Quebec government wants to reopen constitution debate

Quebec government plans coast-to-coast discussion in the hopes of having the province's distinct character officially recognized

Parti Quebecois supporters cheer as they watch the results from the Quebec provincial election in Montreal

QUEBEC – Canada’s Constitution has become a taboo topic among members of the political class in recent years – but it appears that’s about to change.

The Canadian Press has learned the Quebec government plans to reopen the constitutional debate and will launch a vast coast-to-coast discussion in the coming months in the hopes of having the province’s distinct character officially recognized.

While there is no timeline for the campaign, Philippe Couillard’s government hopes to create favourable conditions that could lead to the eventual reopening of constitutional negotiations and to Quebec finally approving the 1982 Constitution.

To avoid the division and outright hostility that has characterized previous constitutional debates, Quebec’s approach will be essentially a pedagogical one, focused on dialogue, persuasion and understanding.

Couillard has spent several years developing his thinking on the subject and drafting a 200-page founding document entitled “Quebecers: Our Way of Being Canadians,” which lays out the government’s position on Quebec’s place within Canada.

The Canadian Press has obtained a copy of the document, which is expected to be made public in the coming days.

When he became leader of the Quebec Liberals in 2013, Couillard – a staunch federalist – promised to reopen constitutional “discussions” with Canada in order to help the province “reintegrate into the Canadian family.”

That goal appears to have been largely pushed aside – until now.

Above all, Quebec hopes to break the taboo that has surrounded discussion of the Constitution since the 1995 sovereignty referendum, according to the document, which notes “Quebec and Canada seem ready for a paradigm shift” on this subject.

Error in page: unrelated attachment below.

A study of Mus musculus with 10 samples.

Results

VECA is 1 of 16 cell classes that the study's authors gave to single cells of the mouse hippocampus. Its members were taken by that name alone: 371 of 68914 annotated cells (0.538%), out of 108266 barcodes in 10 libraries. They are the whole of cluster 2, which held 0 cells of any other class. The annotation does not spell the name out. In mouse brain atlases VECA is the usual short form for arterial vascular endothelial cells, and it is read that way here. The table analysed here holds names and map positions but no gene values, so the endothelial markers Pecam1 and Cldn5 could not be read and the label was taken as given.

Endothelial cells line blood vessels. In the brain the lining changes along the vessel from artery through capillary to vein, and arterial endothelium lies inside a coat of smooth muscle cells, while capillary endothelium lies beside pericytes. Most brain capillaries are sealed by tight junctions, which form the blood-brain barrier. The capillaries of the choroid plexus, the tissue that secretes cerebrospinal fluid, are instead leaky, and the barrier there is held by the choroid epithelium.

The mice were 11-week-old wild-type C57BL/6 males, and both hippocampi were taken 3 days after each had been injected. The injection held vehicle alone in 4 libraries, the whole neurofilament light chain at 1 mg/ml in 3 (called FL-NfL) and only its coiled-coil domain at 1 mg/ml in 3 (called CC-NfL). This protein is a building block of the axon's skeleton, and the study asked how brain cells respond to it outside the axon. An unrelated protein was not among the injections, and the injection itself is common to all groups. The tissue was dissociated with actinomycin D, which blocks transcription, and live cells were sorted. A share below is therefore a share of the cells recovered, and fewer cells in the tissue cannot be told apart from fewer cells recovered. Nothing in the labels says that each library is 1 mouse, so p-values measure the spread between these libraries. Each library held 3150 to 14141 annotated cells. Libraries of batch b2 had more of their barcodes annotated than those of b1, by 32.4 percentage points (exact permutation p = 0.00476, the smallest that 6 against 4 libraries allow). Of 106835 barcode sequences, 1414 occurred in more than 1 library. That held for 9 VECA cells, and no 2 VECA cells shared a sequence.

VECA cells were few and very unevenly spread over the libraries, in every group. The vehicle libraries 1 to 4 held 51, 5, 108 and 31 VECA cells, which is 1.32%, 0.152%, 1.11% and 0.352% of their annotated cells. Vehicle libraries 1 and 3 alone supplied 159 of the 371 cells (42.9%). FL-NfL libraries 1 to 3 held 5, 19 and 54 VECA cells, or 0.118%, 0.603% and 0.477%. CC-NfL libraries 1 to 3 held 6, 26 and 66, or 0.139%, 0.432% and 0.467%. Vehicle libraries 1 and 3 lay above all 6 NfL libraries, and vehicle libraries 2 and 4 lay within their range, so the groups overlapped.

According to the document, which is being released in honour of Canada’s 150th birthday, any successful talks must include Canada’s official recognition of Quebec nationhood.

It restates the famous “five conditions” for approval first set out by former Quebec premier Robert Bourassa in 1986: recognition of Quebec as a distinct society, limits on federal spending power, guaranteed Quebec representation on the Supreme Court, a constitutional veto right and increased control over immigration.

“While the political and constitutional context has changed since (the conditions were written), they remain a concrete illustration of the constitutional guarantees which must flow from an adequate recognition of the Quebec nation,” Couillard says, some 30 years later.

But while the demands may be similar to those of previous governments, the approach is expected to be radically different.

The current government hopes to avoid the power struggles that characterized previous decades of Quebec-Ottawa relations by rediscovering the spirit of openness that prevailed between the two founding groups at Confederation, according to the document.

“We must work to re-establish what Quebecers have always wanted since 1867: a Canada that accepts them for who they are,” reads one passage from the text, which was prepared by several people under the supervision of Jean-Marc Fournier, the minister responsible for Canadian relations.

The coming discussions could also include the demands of First Nations as well as other topics.

The government will promote asymmetrical federalism as well as “interculturalism,” Quebec’s alternative to multiculturalism which proposes celebrating diversity while maintaining a distinct francophone culture.

While the dialogue could eventually lead to a new round of constitutional negotiation, that is viewed as an end goal rather than a point of departure.

“The Quebec government is still determined that its demands may be eventually discussed and that we arrive at a win-win constitutional solution for all federal partners,” reads the document.

To reach its aims, the Couillard government plans to build a “sustained presence” in the rest of Canada by participating in discussions with political groups, universities, business and social groups and by increasing its presence in both traditional and social media.

As a sign of the coming changes, the government is expected to make some structural changes and create Quebec-Canada units in some departments to ensure they participate in as many activities as possible in the rest of Canada.